Sarasota Attorneys for Trust Administration of Decedent’s Trust Assets
Under certain circumstances, a decedent’s trust assets may be used to pay creditors, federal estate taxes and the costs of probate administration. Trustees have duties to perform including filing a Notice of Trust with the court in the county where the decedent died. The purpose of filing the document is to give creditors notice that the decedent has died and has assets in a trust.
There are laws concerning who is a creditor and who is not and which creditor claims are enforceable. There are many rules under the Probate Court and many of those rules have exceptions to them. A Trust Administration attorney familiar with the constant changing codes may be able to save heirs thousands of dollars in creditor claims and federal taxes. Whether or not creditor claims are valid, or whether trust assets may be used to pay federal taxes on the estate depends on the type of trust that is involved.
At our Wills, Trusts, Probate and Elder Law Firm, PLLC in Sarasota, Florida, we provide Trust Administration services to assist personal representatives in their duties to inform creditors of trust assets and for the proper distribution of trust assets.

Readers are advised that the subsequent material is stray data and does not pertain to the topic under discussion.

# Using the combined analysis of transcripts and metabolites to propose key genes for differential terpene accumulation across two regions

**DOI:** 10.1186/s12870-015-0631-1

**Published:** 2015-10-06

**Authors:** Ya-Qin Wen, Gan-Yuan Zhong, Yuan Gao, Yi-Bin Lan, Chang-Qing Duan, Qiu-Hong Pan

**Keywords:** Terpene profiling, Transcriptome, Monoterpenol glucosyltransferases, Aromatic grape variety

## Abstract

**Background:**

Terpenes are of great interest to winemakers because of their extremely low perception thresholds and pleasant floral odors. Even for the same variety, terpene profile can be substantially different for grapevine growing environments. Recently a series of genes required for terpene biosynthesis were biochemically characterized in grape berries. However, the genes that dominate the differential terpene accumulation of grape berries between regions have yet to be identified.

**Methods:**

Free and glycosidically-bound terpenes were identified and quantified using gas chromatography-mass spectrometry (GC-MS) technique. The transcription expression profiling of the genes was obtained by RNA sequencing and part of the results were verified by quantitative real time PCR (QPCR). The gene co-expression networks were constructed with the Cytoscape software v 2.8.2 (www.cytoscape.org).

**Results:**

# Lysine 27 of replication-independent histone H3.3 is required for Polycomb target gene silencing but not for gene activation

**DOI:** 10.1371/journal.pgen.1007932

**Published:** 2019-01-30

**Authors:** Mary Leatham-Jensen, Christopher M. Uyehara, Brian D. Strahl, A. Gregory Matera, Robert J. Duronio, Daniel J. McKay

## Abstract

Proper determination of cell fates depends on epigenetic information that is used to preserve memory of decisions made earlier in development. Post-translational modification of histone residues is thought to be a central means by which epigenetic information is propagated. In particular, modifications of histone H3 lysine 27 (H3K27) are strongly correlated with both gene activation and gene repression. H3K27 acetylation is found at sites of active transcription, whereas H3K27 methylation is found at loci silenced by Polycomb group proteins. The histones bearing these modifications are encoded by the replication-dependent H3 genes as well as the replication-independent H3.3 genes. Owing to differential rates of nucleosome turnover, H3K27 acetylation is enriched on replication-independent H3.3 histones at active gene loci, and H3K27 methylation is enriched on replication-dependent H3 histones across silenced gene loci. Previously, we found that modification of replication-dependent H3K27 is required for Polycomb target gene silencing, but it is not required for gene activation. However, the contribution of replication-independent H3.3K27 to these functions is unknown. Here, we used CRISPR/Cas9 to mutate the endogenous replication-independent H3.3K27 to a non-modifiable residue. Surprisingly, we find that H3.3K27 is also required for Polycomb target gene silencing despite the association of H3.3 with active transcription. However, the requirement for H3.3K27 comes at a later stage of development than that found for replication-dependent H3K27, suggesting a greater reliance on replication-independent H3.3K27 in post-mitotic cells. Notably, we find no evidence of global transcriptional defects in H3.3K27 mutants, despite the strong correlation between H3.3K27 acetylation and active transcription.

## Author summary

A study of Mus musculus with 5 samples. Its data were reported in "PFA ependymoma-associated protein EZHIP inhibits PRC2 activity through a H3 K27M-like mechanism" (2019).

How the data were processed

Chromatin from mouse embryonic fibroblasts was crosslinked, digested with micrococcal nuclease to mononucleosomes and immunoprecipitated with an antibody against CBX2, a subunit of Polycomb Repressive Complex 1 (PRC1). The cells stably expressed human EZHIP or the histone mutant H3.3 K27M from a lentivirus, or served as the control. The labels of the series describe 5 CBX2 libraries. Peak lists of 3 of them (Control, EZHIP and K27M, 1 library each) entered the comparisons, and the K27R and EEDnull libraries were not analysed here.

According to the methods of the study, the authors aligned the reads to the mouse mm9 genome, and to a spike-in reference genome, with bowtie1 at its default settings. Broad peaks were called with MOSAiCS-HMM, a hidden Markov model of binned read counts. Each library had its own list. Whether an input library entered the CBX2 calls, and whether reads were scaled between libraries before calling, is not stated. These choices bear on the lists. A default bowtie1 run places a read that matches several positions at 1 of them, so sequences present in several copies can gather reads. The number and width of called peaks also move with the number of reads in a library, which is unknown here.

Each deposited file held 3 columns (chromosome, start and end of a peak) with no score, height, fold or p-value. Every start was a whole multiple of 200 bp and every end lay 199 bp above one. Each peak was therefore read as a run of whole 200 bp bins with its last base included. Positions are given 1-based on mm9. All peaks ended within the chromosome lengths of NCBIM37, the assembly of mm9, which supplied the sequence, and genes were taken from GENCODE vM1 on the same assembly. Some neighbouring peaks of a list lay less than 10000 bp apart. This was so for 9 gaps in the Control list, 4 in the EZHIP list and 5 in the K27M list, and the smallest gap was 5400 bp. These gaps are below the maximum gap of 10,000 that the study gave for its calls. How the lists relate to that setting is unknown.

Important Frequently Asked Questions on Trust Administration
There are many types of trusts. The one most people are familiar with is the Revocable Trust also known as a “Living Trust”; Revocable Living Trust”; or, an “Inter-Vivos Trust”. These trusts are governed by Chapter 736 of the Florida Statutes, also called the “Florida Trust Code”.
The revocable, or “living,” trust is often promoted as a means of avoiding probate and saving taxes at death. The revocable trust has certain advantages over a traditional will, but there are many factors to consider before you decide if a revocable trust is best suited to your overall estate plan.